If you plan on a harvest of peas this fall, better get them in this weekend. Most snap peas on the market, not counting the new Park's Sugar Bon, which is an early variety, take about 70 days to mature. If you give them a good overnight soaking and get them in this weekend, or next at the latest, you'll be sure to harvest some before a hard frost hits in November. Peas will withstand light frost.

Wando (65 days) is a popular variety, widely available by the pound at garden and hardware stores. But the earliest that I have found is Alaska, a very nice pea with unusually large pods filled with fat peas. This one matures in just 52 days, so it can go in anytime beteeen now and the end of the month.

This is the week that I really plant. I know it's difficult, because there's so much to harvest also. But most of what you planted for the summer harvest isn't demanding too much maintenance, except, of course, picking. So there should be enough time to turn over a row or two every few days, or several each weekend for the next two or three weekends.

In August you can plant summer squash (50 to 60 days), cucumbers (60 to 70 days), beans (50 to 70 days) and brassicas, generally available as plants from nurseries. The squash, cukes and beans do not tolerate cold weather very well, so pay attention to the number of days to maturity when you put them in. Brassicas and peas will do fine in quite cold weather,including mild frost.

Other brave, cold-tolerant vegetables that can go in this month include root crops: potatoes, turnips, beets, rutabagas and parsnips. Carrots can also go in now, but they're so slow in germinating that you may not get a good crop out of an August planting unless your garden is very well protected and you intend to harvest your carrots after mid- November. The catalogues say carrots mature in 70 to 80 days, but I've found it safe to add a good 14 days to that estimate.

Lettuce, I find, is tastier when grown as a fall crop than as a spring crop. I never seem to get my spring lettuce in early enough to get a really good stand before it bolts. That won't happen if you put it in during August. With a few safeguards, you can harvest lettuce easily through the first severe frost.

Finding space in the garden for these fall crops can be a problem. Obviously, if your summer squash and cukes are doing fine and you've eaten and canned as much as you plan to, you won't want to mess with these as fall crops. In my garden, the summmer squash is pretty much done now -- done in, that is, by squash borers. So, after picking all the fruit, I have pulled up all the wilted plants and dug out the stem and root. Now I have a place to put in new plants as soon as they are ready, which should be in about a week. By this time, the squash borers that were hanging around will be gone, and, as a precautionary measure, I will sprinkle a little rotenone around the hole. One big advantage of planting squash late is that you can generally avoid the borers, a constant headache in my garden. You can also plant squash from seed in August.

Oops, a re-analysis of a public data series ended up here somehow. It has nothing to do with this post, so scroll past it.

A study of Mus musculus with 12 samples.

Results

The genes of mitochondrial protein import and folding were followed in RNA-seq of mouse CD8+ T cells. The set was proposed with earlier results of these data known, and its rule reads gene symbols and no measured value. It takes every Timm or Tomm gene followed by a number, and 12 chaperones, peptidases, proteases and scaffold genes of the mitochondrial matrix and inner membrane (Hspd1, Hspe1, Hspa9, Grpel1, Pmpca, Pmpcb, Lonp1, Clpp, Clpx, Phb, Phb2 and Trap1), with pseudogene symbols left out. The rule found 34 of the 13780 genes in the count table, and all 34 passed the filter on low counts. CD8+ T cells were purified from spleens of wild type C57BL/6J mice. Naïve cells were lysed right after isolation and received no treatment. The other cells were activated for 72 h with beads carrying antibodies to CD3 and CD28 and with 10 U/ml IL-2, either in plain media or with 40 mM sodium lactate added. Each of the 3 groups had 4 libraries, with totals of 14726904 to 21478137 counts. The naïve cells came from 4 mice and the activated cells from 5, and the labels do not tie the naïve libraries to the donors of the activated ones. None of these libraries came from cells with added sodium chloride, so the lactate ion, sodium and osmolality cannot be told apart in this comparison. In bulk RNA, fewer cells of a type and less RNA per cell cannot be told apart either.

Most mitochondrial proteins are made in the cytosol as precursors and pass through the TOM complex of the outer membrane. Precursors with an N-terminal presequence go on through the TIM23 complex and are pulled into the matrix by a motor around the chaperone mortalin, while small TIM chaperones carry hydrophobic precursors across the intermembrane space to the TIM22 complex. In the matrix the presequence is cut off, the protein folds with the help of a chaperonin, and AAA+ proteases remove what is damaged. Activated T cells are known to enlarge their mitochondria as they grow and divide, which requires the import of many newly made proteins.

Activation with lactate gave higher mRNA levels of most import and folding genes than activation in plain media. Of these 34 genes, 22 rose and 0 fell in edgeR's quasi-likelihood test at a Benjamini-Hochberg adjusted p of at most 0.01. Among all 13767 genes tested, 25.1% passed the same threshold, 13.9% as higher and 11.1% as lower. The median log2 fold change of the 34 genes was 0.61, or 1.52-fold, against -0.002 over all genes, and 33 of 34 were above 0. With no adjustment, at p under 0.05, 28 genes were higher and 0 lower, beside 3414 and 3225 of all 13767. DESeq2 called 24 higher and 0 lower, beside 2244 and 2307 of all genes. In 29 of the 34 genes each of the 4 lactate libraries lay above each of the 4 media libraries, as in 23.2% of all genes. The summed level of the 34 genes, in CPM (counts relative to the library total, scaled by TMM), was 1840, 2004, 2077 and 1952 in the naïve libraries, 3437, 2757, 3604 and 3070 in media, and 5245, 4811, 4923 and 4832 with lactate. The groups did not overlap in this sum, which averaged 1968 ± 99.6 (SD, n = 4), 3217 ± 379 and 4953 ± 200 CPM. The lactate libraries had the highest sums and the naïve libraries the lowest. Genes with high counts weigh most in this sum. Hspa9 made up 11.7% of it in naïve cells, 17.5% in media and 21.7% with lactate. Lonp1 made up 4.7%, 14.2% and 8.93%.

I never got around to planting my French cornichon this spring, so these too will go in now, against a fence so they can be trained and the finger-size cukes can be picked easily -- a must for true French cornichon since they can get fat and misshapen in just a day or two.

I have pulled all my spring-planted broccoli and cauliflower and cleared the beds to receive the August plants. Cabbage will come out this week and will be turned into sauerkraut. I have left the Brussels sprouts in, but I will put some more in because I have not been pleased with the summer crop, and I hope my fall crop will look better. They tend to enjoy a good frost, which will also tenderize the sprouts.

The beans I planted in late spring are finished, so they've been pulled; in the same row I'll have space for my fall crop of peas. Because I'll be picking beans for several weeks yet, I don't intend to put in any for fall.

The bed where I had planted my lettuce and spinach in the spring has gone pretty much unused for a month or more. I know this is a bad habit to get into -- I try to use every foot of the garden all through the season -- but now I'm rather pleased because I have plenty of space for fall spinach and lettuce crops.

So I've got enough room for just about everything I want for the fall. If you look around, you too will undoubtedly find space for a few fall vegetables. SMELLING LIKE ROSES: Stop feeding your rosebushes now, and don't clip blooms from now on. If you continue feeding and clipping, the bush will think it's supposed to go on growing; then you'll be in trouble in the winter, when rosebushes must be quite dormant to survive. Also, don't do any pruning. Just leave your rosebushes alone -- except for enough watering to keep them looking healthy -- until late fall, when you will mulch if you are good to your roses.